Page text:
Old Star May Have A Companion
October 10, 2012

Spiral Structure Sits Around Old Star R Sculptoris

[ Watch the Video: Slicing Through View of the Material Around R Sculptoris ]

Lee Rannals for redOrbit.com - Your Universe Online

Astronomers have discovered an unexpected spiral structure in the material around an old star called R Sculptoris

The team used the Atacama Large Millimeter/submillimeter Array (ALMA) to discover the surprising spiral structure in the gas around the red giant star, which could mean there is a previously unseen companion star orbiting the star.

“We´ve seen shells around this kind of star before, but this is the first time we´ve ever seen a spiral of material coming out from a star, together with a surrounding shell,” said lead author on the paper, Matthias Maercker.

Red giants like R Sculptoris are major contributors to the dust and gas that provide the bulk of the raw materials for the formation of future generations of stars.

When new observations were made, ALMA outperformed other submillimeter observatories. Earlier observations had shown a spherical shell around R Sculptoris.

"When we observed the star with ALMA, not even half its antennas were in place. It's really exciting to imagine what the full ALMA array will be able to do once it's completed in 2013," said Wouter Vlemmings, a co-author of the study.

Stars with masses up to eight times that of the Sun become red giants later on, and lose a large amount of their mass in a stellar wind. During this stage, the stars periodically undergo thermal pulses.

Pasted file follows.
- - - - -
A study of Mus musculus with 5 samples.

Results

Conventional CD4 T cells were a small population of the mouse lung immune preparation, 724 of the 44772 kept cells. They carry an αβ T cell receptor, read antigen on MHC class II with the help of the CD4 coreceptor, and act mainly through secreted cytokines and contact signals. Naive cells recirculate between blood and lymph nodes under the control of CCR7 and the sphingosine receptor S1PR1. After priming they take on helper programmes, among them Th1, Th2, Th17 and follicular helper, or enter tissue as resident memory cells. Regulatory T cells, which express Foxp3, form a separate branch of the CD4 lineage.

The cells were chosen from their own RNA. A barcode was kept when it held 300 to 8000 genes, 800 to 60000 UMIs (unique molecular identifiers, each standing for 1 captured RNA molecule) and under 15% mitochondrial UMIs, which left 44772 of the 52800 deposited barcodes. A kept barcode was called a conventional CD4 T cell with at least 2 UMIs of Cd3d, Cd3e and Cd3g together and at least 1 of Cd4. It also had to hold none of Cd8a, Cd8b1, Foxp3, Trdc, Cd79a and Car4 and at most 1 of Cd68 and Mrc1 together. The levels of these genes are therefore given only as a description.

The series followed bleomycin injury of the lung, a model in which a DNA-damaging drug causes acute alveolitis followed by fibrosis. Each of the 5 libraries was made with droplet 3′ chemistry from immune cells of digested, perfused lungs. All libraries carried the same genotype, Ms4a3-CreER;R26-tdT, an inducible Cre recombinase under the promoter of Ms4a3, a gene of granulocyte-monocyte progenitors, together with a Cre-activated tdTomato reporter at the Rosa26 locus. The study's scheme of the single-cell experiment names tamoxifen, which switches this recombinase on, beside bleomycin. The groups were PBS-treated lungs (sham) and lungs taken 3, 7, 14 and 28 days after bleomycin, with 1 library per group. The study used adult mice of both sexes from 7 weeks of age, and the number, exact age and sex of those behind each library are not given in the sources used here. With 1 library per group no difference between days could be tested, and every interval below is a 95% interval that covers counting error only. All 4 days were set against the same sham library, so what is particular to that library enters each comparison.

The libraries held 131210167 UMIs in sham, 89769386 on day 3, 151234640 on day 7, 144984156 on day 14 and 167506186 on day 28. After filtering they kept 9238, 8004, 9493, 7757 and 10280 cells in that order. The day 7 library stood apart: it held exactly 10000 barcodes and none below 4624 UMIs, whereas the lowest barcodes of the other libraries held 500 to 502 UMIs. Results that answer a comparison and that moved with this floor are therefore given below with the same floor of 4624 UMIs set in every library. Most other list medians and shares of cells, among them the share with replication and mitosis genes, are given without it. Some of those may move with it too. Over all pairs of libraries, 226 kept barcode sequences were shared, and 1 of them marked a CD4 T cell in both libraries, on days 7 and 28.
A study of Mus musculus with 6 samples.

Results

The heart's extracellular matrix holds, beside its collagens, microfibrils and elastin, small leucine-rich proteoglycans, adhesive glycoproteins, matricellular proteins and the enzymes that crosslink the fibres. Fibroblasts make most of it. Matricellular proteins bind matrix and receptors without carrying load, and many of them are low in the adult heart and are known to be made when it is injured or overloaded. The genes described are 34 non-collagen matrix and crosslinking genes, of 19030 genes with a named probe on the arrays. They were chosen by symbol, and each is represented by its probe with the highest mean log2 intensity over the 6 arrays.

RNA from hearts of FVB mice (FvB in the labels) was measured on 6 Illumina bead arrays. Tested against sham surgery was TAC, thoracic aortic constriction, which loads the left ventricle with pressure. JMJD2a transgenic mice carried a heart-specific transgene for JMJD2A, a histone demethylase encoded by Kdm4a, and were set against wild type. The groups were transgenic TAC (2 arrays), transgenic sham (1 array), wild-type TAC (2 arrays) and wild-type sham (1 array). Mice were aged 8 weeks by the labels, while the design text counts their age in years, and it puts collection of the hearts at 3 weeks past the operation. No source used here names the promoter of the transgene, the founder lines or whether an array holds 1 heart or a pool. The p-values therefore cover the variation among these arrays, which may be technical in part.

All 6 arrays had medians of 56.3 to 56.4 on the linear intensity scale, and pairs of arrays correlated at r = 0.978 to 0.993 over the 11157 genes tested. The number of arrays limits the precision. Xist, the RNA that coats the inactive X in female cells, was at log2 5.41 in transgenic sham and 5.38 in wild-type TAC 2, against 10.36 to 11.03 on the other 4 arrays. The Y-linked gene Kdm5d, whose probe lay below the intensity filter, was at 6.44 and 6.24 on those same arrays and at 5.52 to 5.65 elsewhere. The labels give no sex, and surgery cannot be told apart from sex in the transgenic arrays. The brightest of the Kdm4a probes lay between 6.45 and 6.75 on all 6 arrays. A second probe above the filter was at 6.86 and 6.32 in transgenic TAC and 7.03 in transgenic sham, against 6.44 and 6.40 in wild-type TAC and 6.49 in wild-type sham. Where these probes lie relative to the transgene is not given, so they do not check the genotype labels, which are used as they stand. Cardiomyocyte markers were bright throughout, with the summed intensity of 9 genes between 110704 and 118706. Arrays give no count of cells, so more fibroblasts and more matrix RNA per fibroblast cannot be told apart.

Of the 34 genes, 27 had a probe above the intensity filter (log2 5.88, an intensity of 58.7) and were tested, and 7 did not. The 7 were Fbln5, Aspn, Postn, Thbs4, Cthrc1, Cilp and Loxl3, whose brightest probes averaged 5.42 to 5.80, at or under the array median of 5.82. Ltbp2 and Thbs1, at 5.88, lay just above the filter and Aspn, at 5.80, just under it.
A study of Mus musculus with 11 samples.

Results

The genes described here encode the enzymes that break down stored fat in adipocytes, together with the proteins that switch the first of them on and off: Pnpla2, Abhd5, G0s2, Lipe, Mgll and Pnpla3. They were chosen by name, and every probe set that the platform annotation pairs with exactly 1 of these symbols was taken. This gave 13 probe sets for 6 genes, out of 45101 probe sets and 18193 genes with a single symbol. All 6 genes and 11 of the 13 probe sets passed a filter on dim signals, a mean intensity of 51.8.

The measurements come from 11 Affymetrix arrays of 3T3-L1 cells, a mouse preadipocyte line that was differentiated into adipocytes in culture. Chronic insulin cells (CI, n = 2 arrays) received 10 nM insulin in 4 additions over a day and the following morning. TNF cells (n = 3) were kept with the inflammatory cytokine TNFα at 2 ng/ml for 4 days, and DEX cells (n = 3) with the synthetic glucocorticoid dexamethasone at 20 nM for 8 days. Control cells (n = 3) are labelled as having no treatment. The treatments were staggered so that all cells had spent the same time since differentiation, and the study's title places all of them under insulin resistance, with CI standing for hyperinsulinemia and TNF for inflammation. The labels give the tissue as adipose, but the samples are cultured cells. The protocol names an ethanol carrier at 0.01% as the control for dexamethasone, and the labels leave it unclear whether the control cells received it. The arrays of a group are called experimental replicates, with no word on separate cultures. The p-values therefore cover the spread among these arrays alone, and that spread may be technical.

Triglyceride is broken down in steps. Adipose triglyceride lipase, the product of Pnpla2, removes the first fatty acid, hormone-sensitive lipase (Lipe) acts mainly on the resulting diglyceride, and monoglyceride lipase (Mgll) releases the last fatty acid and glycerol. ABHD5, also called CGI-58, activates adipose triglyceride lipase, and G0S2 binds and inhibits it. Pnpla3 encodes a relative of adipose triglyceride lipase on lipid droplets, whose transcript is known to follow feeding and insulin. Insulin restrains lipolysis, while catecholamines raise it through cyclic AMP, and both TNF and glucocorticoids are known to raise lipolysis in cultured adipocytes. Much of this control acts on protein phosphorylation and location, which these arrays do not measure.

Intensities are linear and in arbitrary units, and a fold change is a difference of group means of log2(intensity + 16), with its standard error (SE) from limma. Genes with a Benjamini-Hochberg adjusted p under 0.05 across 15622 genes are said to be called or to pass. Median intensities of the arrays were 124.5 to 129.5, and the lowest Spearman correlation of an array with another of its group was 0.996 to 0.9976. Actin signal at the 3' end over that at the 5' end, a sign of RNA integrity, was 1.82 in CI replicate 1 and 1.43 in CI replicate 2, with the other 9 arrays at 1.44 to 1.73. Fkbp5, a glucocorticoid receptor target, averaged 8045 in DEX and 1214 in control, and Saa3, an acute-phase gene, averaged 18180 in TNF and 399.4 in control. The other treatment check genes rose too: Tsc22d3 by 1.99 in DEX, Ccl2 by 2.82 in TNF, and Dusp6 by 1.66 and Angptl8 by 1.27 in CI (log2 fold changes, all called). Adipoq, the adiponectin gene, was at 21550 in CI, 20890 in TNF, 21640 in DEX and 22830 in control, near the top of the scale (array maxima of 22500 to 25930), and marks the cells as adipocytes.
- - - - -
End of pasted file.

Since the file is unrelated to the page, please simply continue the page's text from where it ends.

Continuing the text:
These phases of explosive helium burning in a shell around the stellar core are short lived. A thermal pulse leads to material being blown off the surface of the star, resulting in a large shell of dust and gas around the star.

Thermal pulses occur about every 10,000 to 50,000 years, and last only a few hundred years.

“By taking advantage of the power of ALMA to see fine details, we can understand much better what happens to the star before, during and after the thermal pulse, by studying how the shell and the spiral structure are shaped,” Maercker said. “We always expected ALMA to provide us with a new view of the Universe, but to be discovering unexpected new things already, with one of the first sets of observations is truly exciting.”

The team of astronomers also performed computer simulations to follow the evolution of a binary system in order to describe the observed structure around R Sculptoris.

"It´s a real challenge to describe theoretically all the observed details coming from ALMA, but our computer models show that we really are on the right track. ALMA is giving us new insight into what's happening in these stars and what might happen to the Sun in a few billion years from now," said Shazrene Mohamed, a co-author of the study.

The researchers reported their findings in the journal Nature this week.